Façade fires spreading on the exterior of a building can be challenging and poses a significant risk to fire and life safety.

There have been numerous fires involving buildings with combustible cladding internationally. In most cases, the extent of damage to the building has been significant, and unfortunately in a few instances, there has been a loss of life.

The consequences of such fires are extensive where occupants are displaced and need to seek alternative accommodation. There is also a dispute over the rebuilding costs and who is responsible especially where buildings have multiple owners and tenants. Insurance companies are getting more aware of such risks and may refuse to provide cover or raise premiums substantially due to the increased fire risk. Vortex Fire has extensive experience with qualified fire engineers to undertake audits of existing building cladding to determine the fire risk based on laboratory fire tests.

The use of combustible cladding such as the Aluminium Composite Panel (ACP) has become common due to the focus on sustainable buildings and improved thermal insulation. ACP cladding consists of a thermoplastic core bonded between two aluminium sheets. Thermoplastics such as Polyethylene (PE) have been widely used as they have excellent thermal properties. However, when fire tested without the skin it melts and is considered to contribute to fire spread vertically (upwards and downwards) and horizontally. Thermoset polymers such as Polyurethane (PUR) or Polyisocyanurate (PIR) normally chars and exhibit better fire performance.

Vortex Fire has adopted a systematic approach to evaluating the building cladding audits as outlined below.

Stage 1: Initial review

Vortex Fire will review the available as-built information and undertake a site visit to investigate the extent of the cladding and existing fire strategy for the building.


If a combustible cladding is present (or no information is available), the fire performance of the existing cladding is evaluated with laboratory screening tests. This is a relatively non-invasive and cost-effective process where small samples are removed from the existing building and tested by a third laboratory. Some typical laboratory small-scale screening tests available are noted below:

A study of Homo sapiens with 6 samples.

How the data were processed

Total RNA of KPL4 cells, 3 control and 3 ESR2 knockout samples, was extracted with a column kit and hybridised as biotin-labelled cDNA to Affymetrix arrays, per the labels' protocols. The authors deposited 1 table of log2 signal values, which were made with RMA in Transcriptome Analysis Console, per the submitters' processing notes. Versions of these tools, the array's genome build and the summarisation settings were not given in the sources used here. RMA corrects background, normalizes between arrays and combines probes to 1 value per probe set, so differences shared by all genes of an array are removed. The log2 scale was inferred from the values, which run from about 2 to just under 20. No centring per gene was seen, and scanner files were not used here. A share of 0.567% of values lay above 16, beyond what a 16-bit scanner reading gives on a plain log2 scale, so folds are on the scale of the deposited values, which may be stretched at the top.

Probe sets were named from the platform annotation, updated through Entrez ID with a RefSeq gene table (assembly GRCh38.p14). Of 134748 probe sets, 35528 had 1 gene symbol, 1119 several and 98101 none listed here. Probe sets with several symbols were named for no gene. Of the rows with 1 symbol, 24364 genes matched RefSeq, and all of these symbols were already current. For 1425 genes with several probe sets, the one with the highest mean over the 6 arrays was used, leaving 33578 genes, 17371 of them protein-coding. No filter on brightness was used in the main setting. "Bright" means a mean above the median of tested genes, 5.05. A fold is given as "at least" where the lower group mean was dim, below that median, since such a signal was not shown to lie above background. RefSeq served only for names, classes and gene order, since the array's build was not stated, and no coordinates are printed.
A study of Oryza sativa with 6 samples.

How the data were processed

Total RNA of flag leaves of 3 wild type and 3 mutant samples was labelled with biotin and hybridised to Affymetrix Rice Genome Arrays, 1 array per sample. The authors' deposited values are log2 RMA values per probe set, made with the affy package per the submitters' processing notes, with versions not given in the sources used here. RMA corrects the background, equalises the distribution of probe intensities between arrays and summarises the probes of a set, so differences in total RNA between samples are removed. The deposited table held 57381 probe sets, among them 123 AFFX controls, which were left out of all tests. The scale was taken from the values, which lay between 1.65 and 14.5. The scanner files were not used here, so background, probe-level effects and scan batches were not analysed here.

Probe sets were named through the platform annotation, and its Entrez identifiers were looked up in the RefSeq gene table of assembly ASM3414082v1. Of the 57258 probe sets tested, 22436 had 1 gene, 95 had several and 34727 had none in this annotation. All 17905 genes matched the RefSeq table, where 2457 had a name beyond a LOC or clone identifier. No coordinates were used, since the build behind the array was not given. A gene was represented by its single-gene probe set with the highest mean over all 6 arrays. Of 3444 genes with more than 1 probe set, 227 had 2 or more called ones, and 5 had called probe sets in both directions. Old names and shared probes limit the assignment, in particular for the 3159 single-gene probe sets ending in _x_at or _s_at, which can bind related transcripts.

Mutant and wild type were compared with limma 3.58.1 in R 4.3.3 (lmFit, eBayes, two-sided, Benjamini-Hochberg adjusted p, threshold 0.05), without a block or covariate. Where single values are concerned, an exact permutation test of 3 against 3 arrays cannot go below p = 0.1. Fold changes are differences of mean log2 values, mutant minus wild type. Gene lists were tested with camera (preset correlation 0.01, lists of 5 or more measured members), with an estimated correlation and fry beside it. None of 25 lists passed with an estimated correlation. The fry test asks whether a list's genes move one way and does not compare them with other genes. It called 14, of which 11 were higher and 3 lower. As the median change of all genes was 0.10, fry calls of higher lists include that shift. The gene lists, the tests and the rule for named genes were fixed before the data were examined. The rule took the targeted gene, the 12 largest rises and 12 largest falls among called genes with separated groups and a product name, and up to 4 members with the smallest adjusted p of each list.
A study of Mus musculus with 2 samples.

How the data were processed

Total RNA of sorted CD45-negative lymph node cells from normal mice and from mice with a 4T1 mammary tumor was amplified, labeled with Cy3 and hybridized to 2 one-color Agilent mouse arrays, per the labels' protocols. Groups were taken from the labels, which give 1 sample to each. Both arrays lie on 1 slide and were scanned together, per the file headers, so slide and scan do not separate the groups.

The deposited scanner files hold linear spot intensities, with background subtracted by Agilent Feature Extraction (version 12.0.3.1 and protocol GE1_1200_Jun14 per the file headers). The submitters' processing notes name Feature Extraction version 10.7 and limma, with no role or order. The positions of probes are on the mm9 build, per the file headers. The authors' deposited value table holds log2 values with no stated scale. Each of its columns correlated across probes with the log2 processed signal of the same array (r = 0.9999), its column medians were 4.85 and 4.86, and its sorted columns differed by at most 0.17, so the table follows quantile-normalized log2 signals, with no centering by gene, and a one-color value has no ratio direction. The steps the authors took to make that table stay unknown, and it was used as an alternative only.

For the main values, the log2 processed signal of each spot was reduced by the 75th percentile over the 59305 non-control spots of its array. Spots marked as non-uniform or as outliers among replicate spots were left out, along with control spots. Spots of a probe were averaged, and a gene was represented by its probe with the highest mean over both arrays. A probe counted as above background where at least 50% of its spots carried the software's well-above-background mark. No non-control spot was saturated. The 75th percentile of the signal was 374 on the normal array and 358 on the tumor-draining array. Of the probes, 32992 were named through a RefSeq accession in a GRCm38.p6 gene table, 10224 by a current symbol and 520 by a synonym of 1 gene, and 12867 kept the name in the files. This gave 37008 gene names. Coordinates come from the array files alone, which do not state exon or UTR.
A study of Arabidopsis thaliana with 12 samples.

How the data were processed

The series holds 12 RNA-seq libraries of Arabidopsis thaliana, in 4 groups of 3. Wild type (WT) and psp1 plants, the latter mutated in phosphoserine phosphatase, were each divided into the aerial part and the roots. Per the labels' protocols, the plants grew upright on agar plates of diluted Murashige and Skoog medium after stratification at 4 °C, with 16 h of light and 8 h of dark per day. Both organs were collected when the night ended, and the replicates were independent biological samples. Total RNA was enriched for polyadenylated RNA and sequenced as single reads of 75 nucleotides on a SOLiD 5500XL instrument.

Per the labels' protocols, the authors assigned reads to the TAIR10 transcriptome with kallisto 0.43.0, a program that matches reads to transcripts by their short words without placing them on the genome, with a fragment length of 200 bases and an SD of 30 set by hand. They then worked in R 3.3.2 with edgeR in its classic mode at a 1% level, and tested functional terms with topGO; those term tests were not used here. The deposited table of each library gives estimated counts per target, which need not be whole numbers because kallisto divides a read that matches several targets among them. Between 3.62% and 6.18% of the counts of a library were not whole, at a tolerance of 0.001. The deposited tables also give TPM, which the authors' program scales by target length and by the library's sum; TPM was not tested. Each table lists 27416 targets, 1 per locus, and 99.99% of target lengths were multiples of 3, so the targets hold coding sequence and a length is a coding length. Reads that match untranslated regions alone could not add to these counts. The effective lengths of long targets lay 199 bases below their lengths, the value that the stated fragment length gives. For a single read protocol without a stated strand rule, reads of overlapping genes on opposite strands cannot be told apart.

TGA (Thermogravimetric Analysis) – to determine thermal decomposition


FTIR-ATR (Fourier Transform Infrared Analysis with Attenuated Reflectance) and SEM/EDS (Scanning Electron Microscopy with Energy Dispersive) – to determine chemical composition (sample size: 50 mm diameter)

Based on the laboratory screening fire tests, a preliminary façade fire assessment report will be prepared. This report will confirm whether any further action is needed, or existing cladding is acceptable.

Stage 2: Detailed assessment

As part of Stage 1, if it is determined that a further assessment is required Vortex Fire will undertake a quantitative fire engineering assessment is undertaken to determine the potential fire risk. This is based on the results of the laboratory screening fire tests and fire engineering analysis to determine the rate of fire spread and conditions becoming unsafe for occupants and fire-fighters (ASET – Available Safe Egress Time). Egress analysis is also undertaken to determine the time taken to evacuate each floor and the complete building (RSET – Required Safe Egress Time).


Based on this time-line analysis, the fire risk due to an external building fire can be determined. This quantitative fire risk assessment allows for an informed decision by all stakeholders on the best way forward.
Recommendations on mitigation measures will be developed on how the fire risk can be reduced in short, medium and long term.

Stage 3: Remedial works

Where remedial works are necessary, Vortex Fire will review construction documentation, undertake inspections and provide technical support during remedial works.